Alma 42:6, LeGrand Baker, “appointed unto man to die”
6 But behold, it was appointed unto man to die
Death always gets a bad press in human culture. The reasons are quite obvious. What is left over after the spirit is gone may be down right gruesome, or if it isn’t, it soon begins to stink and having it around becomes macabre. So we get it stowed away as soon as it is practicable. But that’s just the point: all we get to see is the left overs.
Like to country preacher said: “We shouldn’t be mournin’ fer good ole Sadie. Its only the shell that’s here in the casket. The nut still lives on.”
We are appointed to die, and however we may think of it, the fact remains: the assurance that we can die is one of the greatest blessings of the Atonement.
A much beloved and frequently repeated scripture is this one about Adam and Eve. It reads,
15 And I, the Lord God, took the man, and put him into the Garden of Eden, to dress it, and to keep it.
16 And I, the Lord God, commanded the man, saying: Of every tree of the garden thou mayest freely eat,
17 But of the tree of the knowledge of good and evil, thou shalt not eat of it, nevertheless, thou mayest choose for thyself, for it is given unto thee; but, remember that I forbid it, for in the day thou eatest thereof thou shalt surely die. (Moses 3:15-17)
Every word in that scripture is important.
And I, the Lord God, commanded the man, saying…But of the tree of the knowledge of good and evil, thou shalt not eat of it, nevertheless, thou mayest choose for thyself, for it is given unto thee; but, remember that I forbid it.
God had to forbid it. The laws of justice and mercy insist that he do so. God could not have commanded them to eat that fruit, or even tell them that it would be OK, because if he had, then he would have been responsible for their expulsion from the Garden and into this world. If he had been responsible for putting us here, he also would have been equally responsible for getting us back. Had that happened, it would have left us without responsibility, without agency, purpose, or the freedom to be our Selves. We would have come, not to act, but to be acted upon. So his instructions were:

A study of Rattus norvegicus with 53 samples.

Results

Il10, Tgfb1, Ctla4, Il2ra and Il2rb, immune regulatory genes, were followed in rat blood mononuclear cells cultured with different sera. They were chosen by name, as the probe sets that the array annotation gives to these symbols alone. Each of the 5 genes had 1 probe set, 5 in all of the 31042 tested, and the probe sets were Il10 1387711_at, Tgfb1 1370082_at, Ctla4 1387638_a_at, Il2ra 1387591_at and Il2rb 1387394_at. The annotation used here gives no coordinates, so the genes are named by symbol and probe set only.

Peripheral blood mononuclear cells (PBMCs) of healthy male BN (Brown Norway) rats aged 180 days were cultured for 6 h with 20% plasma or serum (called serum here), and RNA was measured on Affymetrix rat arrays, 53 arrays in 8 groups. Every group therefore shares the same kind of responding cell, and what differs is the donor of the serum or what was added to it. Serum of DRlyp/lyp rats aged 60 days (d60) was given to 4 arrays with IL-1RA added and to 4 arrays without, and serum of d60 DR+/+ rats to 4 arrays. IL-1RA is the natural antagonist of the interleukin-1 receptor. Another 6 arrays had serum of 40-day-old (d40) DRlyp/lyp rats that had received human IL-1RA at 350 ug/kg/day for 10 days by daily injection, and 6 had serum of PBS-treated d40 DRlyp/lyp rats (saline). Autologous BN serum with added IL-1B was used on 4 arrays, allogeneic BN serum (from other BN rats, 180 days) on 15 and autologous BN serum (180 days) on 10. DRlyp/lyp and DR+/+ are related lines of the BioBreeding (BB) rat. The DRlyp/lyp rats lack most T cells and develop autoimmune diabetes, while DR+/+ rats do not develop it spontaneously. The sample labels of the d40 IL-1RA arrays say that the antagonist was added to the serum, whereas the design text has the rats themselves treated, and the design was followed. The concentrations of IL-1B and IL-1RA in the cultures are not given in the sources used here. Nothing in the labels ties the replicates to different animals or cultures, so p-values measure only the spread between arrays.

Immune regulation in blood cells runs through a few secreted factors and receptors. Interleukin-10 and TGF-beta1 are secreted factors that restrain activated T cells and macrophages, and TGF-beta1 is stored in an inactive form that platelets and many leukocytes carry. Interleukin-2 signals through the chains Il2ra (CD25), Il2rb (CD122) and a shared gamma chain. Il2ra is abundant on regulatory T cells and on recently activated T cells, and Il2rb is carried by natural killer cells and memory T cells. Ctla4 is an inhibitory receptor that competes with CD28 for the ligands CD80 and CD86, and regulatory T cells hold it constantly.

“nevertheless, thou mayest choose for thyself, for it is given unto thee.”
What was true of Adam and Eve was equally true of ourselves. We did not leave the premortal spirit world because we were forced to come to this earth, but we left because we understood our Heavenly Father’s plan and trusted in the Saviour’s atonement. We came here because we chose to come. And now, having made that decision, we are free to make the decisions about what we will do while we are here. And that is what this experience is all about.
In those same verses, we read the words of the very first covenant that our Father in Heaven made with his earthly children.
“for in the day thou eatest thereof thou shalt surely die.”
Because, from our this-world perspective, death is sometimes a fearful thing, those words are usually read as a curse rather than as a blessing. But they are not a curse, they are the words of the covenant that evoke one of our greatest blessings.
It is the promise that if God’s children chose to come to this earth, he guarantees that there will be a way to get out again. Being here forever—-living in this world’s tensions between good and evil forever—-would be a perpetual hell. We needed the experience of knowing and choosing, but there also had to be a promise that we wouldn’t have to be here forever. So Adam and Eve left the Garden with the knowledge that they could also leave this world, and that when that time came, the Atonement would make it possible that they take no baggage with them, except the products of their own choices.
The covenant to each of us is: “If you choose to go down into that dark and dreary world, then, after you have learned what you are supposed to learn, you may return home again. We are not compelled to stay there in this world because the Lord has provided a way for us to return to him. The fulfillment of that covenant is in the words: “thou shalt surely die.”